Float builders keep parade looking good

Published 12:00 am Monday, May 26, 2003

They stumble back into their houses night after night covered in paint, puncture wounds and sticky remnants of tape.

They do all of this for a spectacle for thousands of people - the Ironton-Lawrence County Memorial Day Parade.

They are the float builders.

Email newsletter signup

Kenneth Koerper, trustee, and Don Lewis, a church member, amongst others, have been putting together the First Baptist Church float since May 19, most of the time working from 9 a.m. to 3 p.m. at the Retail Decor Inc. building.

"The round figure is 40 hours," Lewis said. "That's not even counting overtime. There were times that some didn't even go home for lunch. They would eat breakfast, then finally go home for dinner."

During the process of stapling, painting and cutting wood, the church members working on the float have encountered one mainstay of float construction - making changes. The "200 years of Freedom" float features a large, blue wooden cutout of Ohio with an American flag painted on it. A cross was supposed to reflect on the cutout, but that did not work, Lewis said. Now, the float has a large wooden cross.

The distance from the top of the Ohio cutout to the road is 13 feet.

"We just hope we get judged and get first place before we hit the trees," Lewis said. "That way, we won't be in trouble."

One part of the construction that both Koerper and Lewis said they have enjoyed is the fellowship with other church members. Working on projects such as these help members get to know each other as people rather than just a name.

"Friendship really builds up," Lewis said.

A new entry this year is the King's Daughters Medical Center float, which has to make it across the Ashland bridge before the parade. As a result of this journey, parts of the float construction will be under way before the parade, Regina Stout, community services manager, said.

"It's a team effort; we've never had a controversy about anything," she said. "The people who work with us are volunteers, so they're interested in this."

Four to five people are on the float crew, but approximately 25 people from the medical center will be working at the parade Monday, Stout said.

Even though hands become sticky after working with double-sided tape, Stout said no one has been injured during the float process.

However, Christi Hardy, a janitorial worker for Ohio University Southern, has seen his share of minor injuries during his 4-5 years of building floats.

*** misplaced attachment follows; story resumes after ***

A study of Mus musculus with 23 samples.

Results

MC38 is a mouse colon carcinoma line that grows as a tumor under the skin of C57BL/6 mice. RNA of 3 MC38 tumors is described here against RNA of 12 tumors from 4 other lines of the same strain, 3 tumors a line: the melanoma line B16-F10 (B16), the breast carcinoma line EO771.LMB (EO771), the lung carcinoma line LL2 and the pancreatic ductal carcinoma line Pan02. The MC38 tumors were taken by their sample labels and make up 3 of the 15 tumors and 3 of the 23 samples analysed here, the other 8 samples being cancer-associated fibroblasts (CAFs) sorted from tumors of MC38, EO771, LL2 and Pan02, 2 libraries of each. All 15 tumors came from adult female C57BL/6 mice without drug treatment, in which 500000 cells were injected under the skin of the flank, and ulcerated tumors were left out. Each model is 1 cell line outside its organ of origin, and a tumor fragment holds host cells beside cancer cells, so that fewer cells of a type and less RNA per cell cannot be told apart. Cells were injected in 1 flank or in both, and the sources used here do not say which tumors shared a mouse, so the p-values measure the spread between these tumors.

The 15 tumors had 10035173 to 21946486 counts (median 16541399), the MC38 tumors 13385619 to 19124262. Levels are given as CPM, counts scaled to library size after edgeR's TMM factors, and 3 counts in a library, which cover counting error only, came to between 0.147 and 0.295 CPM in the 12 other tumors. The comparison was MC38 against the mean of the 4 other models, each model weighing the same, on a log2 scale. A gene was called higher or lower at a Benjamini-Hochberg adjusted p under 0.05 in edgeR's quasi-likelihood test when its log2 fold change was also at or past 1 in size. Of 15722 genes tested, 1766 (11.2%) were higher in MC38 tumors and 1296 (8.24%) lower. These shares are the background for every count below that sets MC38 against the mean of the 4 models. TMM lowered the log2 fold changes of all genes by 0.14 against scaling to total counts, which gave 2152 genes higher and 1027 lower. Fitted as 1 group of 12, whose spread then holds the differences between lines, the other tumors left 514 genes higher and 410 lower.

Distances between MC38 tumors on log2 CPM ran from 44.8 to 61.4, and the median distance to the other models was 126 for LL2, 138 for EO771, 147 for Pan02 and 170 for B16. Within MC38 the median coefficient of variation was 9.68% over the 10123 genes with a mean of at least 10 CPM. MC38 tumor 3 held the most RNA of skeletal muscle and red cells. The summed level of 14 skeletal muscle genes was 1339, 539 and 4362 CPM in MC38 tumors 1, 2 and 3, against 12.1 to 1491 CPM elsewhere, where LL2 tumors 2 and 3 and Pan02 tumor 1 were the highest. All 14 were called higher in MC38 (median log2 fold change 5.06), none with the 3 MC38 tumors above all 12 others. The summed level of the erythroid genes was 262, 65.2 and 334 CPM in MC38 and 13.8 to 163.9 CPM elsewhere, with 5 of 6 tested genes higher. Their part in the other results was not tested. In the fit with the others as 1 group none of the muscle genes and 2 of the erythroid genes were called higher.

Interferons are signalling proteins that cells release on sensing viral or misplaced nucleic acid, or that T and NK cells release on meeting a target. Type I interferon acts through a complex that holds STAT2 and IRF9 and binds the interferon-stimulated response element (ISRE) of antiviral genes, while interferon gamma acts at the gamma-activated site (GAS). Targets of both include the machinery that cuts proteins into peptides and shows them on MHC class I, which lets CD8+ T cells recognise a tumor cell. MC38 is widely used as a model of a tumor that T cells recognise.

"I cut my finger cleaning a trailer, I bumped my head … You name it, it's probably happened," he said. "I've had paint on my hands, and I've probably smacked my finger with a hammer. I've had a sore back some times."

Nevertheless, when the work is done, Hardy has the privilege of seeing the cheering crowds right in front of him as he drives one of the floats through the parade.

"I usually just look for someone I know, or someone that knows me," he said. "I like to see what's going on, on the streets, seeing the crowd and how they're enjoying everything."

While Hardy and his co-workers from the OUS Physical Plant are putting the floats together, Janet Wagner, a library associate and part-time faculty member and Carmeleeta Stewart, a library specialist are also involved with the planning and sign-making.

"Teamwork is the key," Wagner said. "Without a team, this wouldn't be possible."

"You just build on an idea, agree on it and go from there," Stewart said.

Having a supportive environment at OUS along with several creative people has made their float creation go smoothly, both Wagner and Stewart said. OUS' float theme is "Ohio University Southern - Serving the Community and Serving the World."

The community, Stewart said, was instrumental in helping put together the float. Wagner visited VFW Post 8850 and was able to take digital photos of military insignias, which were needed for a soldiers' tribute on the float.

Actually, OUS will have more than one float. It will have two, plus displays of antique automobiles and Conestoga wagons. Physical plant supervisor Bob Rader will supervise the floats' journey through Ironton on the seat of an 1880s tricycle.

"All of us together have put in … about 350 hours," he said. "We have several floats, but they're simple, not complicated. The signage that those ladies (Wagner and Stewart) do is what takes so darn long."

Even though some of the floats only consist of an antique form of transportation on it, adding fringe around the trailer hauling it will still take two to three hours of work, Rader said. Despite this, Rader said he has not asked any one of his workers to work more than their eight-hour work day. He also complimented the planning work of the university's float committee members, whose planning helps with the process.

"This is a fantastic group to work with," he said. "You start with the committee and go straight through, with each person doing what they're supposed to do."